Brightening the classrooms in East Sumba

May 26, 2016

A renewable energy collaboration with EKOenergy

Initiated in 2010, Hivos’ Sumba Iconic Island (SII) project aims not only to provide  access to electricity to the 650,000 inhabitants of Sumba Island in Indonesia, but  also to reduce reliance on expensive and environmentally harmful fuels such as diesel and kerosene.

Although regulations, distribution of authority and geological conditions are some of the challenges facing the project,  it continues to make impressive progress thanks to commitments from existing stakeholders and new partners alike, as well as the involvement of individuals and communities. For example, with support from partners such as EKOenergy, 37 MW of alternative renewable energy are now ready to be harvested, positioning Sumba as a development model for all of Indonesia.

The collaboration with EKOenergy, who donated EUR 28,000 to finance Photovoltaic (PV) solar installations, has made electricity available since mid-April 2016 to the teachers and some 270 students at Kataka elementary and junior high schools in isolated East Sumba district. They are finally able to use electronic equipment such as computers, laptops and audiovisual devices to support their teaching and learning activities.  In addition, students can recharge their solar lamps at the E-Kiosk at school to help them study at night.

“The installation of photovoltaic systems in elementary and junior High School in East Sumba Region is an innovative collaboration with EKOenergy,” says Sandra Winarsa, Hivos’ Green Energy Project Manager for Sumba Iconic Island. “This contributes to improving educational standards and reduces the gap between rural and urban communities.”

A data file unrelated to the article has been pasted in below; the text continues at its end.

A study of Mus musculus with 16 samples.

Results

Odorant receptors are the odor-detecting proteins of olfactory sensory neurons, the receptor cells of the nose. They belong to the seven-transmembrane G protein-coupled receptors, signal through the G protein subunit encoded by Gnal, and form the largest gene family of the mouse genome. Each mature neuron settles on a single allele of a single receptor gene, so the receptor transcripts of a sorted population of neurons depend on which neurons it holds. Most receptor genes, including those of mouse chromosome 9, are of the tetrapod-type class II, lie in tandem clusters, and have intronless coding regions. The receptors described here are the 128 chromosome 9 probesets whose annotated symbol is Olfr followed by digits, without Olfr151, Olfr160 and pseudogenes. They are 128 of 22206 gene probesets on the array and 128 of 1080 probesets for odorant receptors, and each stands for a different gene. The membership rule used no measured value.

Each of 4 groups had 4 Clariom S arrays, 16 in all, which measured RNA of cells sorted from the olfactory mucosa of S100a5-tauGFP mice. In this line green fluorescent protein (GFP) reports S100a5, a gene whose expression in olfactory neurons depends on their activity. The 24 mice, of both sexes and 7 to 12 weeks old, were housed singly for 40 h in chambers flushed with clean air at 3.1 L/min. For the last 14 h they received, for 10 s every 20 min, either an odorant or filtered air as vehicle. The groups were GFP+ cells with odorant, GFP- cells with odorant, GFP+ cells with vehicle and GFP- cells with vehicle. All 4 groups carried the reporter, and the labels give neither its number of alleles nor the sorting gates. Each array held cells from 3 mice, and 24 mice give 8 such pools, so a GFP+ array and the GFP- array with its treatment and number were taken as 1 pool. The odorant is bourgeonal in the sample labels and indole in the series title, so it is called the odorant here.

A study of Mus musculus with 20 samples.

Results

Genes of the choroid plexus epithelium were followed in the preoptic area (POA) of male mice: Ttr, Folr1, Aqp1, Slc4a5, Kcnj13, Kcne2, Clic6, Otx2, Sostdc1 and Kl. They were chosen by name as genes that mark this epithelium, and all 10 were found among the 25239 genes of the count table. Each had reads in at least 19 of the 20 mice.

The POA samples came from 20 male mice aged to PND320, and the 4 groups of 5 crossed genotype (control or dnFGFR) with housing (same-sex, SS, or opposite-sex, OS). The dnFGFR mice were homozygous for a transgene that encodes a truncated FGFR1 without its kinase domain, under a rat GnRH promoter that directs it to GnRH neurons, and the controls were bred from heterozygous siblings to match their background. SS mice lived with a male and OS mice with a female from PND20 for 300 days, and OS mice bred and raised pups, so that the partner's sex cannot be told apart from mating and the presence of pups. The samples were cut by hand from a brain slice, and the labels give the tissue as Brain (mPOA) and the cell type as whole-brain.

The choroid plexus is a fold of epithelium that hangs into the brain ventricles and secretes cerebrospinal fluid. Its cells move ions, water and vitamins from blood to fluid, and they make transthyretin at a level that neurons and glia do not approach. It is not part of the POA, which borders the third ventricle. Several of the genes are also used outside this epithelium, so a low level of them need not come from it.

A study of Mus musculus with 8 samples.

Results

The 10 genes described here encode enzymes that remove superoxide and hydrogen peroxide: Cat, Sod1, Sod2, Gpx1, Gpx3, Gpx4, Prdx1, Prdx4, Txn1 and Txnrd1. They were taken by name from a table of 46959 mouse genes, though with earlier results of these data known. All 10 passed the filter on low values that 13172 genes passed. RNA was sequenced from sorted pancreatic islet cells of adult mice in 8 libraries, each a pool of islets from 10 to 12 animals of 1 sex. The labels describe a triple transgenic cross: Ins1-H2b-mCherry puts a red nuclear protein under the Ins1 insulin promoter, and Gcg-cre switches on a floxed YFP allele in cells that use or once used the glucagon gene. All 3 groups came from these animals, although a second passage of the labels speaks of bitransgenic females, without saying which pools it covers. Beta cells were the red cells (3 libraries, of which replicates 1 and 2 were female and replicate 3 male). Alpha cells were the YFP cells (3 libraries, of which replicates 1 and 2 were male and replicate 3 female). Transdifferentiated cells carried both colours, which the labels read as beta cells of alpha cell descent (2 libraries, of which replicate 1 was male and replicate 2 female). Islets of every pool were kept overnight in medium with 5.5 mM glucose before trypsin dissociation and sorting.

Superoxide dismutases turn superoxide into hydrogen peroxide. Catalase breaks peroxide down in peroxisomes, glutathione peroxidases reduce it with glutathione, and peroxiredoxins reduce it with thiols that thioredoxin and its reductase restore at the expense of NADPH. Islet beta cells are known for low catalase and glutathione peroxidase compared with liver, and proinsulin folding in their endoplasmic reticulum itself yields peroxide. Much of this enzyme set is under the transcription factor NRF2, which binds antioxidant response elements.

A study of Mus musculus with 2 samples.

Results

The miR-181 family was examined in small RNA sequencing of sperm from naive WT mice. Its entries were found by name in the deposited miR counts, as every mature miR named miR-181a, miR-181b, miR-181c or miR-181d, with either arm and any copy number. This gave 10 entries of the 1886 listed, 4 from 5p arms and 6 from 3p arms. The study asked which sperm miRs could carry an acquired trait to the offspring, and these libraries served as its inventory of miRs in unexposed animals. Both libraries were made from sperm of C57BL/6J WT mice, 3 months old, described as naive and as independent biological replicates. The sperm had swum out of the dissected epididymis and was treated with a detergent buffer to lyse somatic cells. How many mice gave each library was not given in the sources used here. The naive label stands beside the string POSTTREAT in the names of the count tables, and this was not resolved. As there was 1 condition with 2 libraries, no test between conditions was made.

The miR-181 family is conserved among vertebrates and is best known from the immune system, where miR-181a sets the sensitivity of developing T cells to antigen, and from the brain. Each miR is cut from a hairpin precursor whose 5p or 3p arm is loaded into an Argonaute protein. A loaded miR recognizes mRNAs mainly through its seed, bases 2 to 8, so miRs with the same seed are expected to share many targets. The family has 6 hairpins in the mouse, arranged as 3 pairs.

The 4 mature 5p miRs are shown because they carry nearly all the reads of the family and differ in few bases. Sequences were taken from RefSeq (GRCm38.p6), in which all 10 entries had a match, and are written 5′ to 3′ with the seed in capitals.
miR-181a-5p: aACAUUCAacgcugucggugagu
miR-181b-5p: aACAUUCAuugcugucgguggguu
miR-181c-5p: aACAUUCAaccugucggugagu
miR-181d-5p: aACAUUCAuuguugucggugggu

Danny Suhandi, Head of the Energy and Mineral Resources and Mining Office of East Nusa Tenggara in Kupang, is enthusiastic about Sumba’s potential to support 100 percent renewable energy. “Sumba is blessed with a number of underground rivers, lots of days with bright sunlight, strong coastal and mountain winds, and biogas potential from cattle dung –enough supply for the 13 MW required to boost its economy until 2020,” he says. His conclusion is that “Sumba’s success, therefore, can become an example for the rest of Indonesia”.

Five years into the launch of the Sumba Iconic Island renewable energy project, Sumba’s electrification ratio is reaching 42.5 percent, nearly 10 percent of which is generated by alternative renewable energy from approximately 15,000 solar power plants, 1,173 biogas installations, 100 wind power units and 12 micro-hydro power plants distributed throughout the island. This ratio has already exceeded the 25 percent level measured at the signing of the 2011 Memorandum of Understanding between the Sumba local governments, the East Nusa Tenggara Governor, the State Electricity Company and HIVOS.

Slowly but surely, the project is bringing positive changes – especially to women and children who are most affected by the lack of electricity access.